Harvest Café builds strong following for healthy foodservice

Good Harvest Market relocated its store to a larger location, allowing it to expand its prepared foods offerings and seating for in-store dining.

Mark Hamstra

September 4, 2019

4 Min Read
HarvestCafe counter1.jpg

Harvest Café could be considered one of the top organic restaurants in Wisconsin—and it just happens to be inside a grocery store.

Pewaukee-based Good Harvest Market offers an extensive and diverse assortment of prepared foods, including made-to-order dishes from the Harvest Café, a hot bar, a salad bar and a new grab-and-go offering of fully prepared meals.


Joe Nolan, a co-owner of the store with three other partners, said operating the café has its challenges, but it has served to complement the store’s other offerings well.

“I'm not sure you could ever say that a café in a grocery store is a moneymaker,” he said. “We didn't build it with the idea that we were going to make money in that department, but it's a great way to get people into the store. I see it as an entrée into eating healthier, and certainly that's what it's been for our store.”

While the retailer has long had a strong foodservice program, its relocation to a much larger, newly constructed space about 4-1/2 years ago allowed Good Harvest Market to greatly expand many of the offerings in the café and in other departments. The cafe added breakfast and dinner service, and increased seating capacity from about 30 to well over 100, spread throughout the two-level location, including on an outdoor patio.

Lunch remains the core sales driver at the café, generating about 70% of sales, despite efforts to attract dinner business with a variety of promotions, Nolan said.

The café primarily attracts local residents from the affluent area, but also draws some local workers who can enjoy the views from the store’s dining areas overlooking the nature conservancy.


“I was never a grocer nor a restaurateur,” he said. “So, both the store and the café really are built from a consumer standpoint. I guess we consider ourselves foodies who love to go into nice cafes and natural food stores.”

The retailer strives to be as organic as possible in its foodservice offerings, although some ingredients—such as beef—are natural instead. The café menu includes a wide variety of gluten-free, soy-free, dairy-free, nut-free, vegetarian and vegan options.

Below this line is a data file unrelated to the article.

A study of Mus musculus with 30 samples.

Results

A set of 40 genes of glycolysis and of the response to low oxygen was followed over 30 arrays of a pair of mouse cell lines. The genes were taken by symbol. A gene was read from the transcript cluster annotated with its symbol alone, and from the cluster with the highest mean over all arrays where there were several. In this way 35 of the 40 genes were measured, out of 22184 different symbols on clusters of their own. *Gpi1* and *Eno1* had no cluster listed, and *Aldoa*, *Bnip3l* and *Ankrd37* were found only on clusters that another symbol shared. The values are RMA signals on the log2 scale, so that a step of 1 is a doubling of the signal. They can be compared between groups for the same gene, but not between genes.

Breakfast items in the café range beyond the basic sandwiches and wraps, and include griddlecakes, avocado toast and a Harvest Root Hash Bowl. For lunch and dinner, the menu includes options such as vegetarian, gluten-free Portobello Tacos and a vegan, gluten-free Garlic Ginger Stir Fry.

Menu ingredients change seasonally, and, as a single-store independent operator, the retailer can react quickly to consumer preferences by deleting or tweaking items that don’t perform well, Nolan explained.


A recent customer survey revealed that the retailer had an opportunity to add more vegan and vegetarian prepared foods, and the company responded with a larger assortment of these choices.

“We've always been probably more vegetarian-oriented than meat-oriented, but we've become even more so,” said Nolan.

The retailer offers vegan and vegetarian options among its four soup selections each day, and also seeks to satisfy its vegan and vegetarian customers with its hot bar selections. In addition, the retailer promotes “specialty days” on the hot bar—gluten-free Wednesdays and build-your-own Taco Tuesdays—to satisfy customers seeking those options as well. Menus are posted daily on the retailer’s website and Facebook page.

“We always try to make sure that everybody's taken care of,” said Nolan.

New to the prepared food offerings is the retailer’s good2go Meals for 2 offering, which includes one mix-and-match entrée and two side dishes for $18.99. Or, items can be purchased individually. Items vary from the meals in the café, and include such offerings as Veggie Lasagna, Flat Top Shrimp, Spaghetti Marinara, Lemon Carrot Rice and Creamy Mac & Cheese.

“We started about five months ago, and it has continued to grow and grow each and every month,” said Nolan. “We continue to tweak what we offer there, and our chefs are constantly coming up with new ideas for side items. It’s been successful—people just grab and go, and that's worked out quite well.”

Among the challenges to operating a store with such an extensive foodservice program is finding and retaining staff—the same challenge faced by retailers and restaurant operators throughout the country.

“That’s a struggle in all of our departments,” said Nolan. “It’s always a challenge, we still put our a good-quality product every day.”

In the end, Nolan said the strong health focus on the prepared foods offering, and of the store in general, are key drivers of the retailer’s success.

“We are one of the healthiest dining locations anywhere around,” he said. “I think people just realize that, and they come back and back again.”

About the Author(s)

Mark Hamstra

Supermarket News

Mark Hamstra is a former content director of Supermarket News, a sister website of New Hope Network, and is now a freelance writer and editor.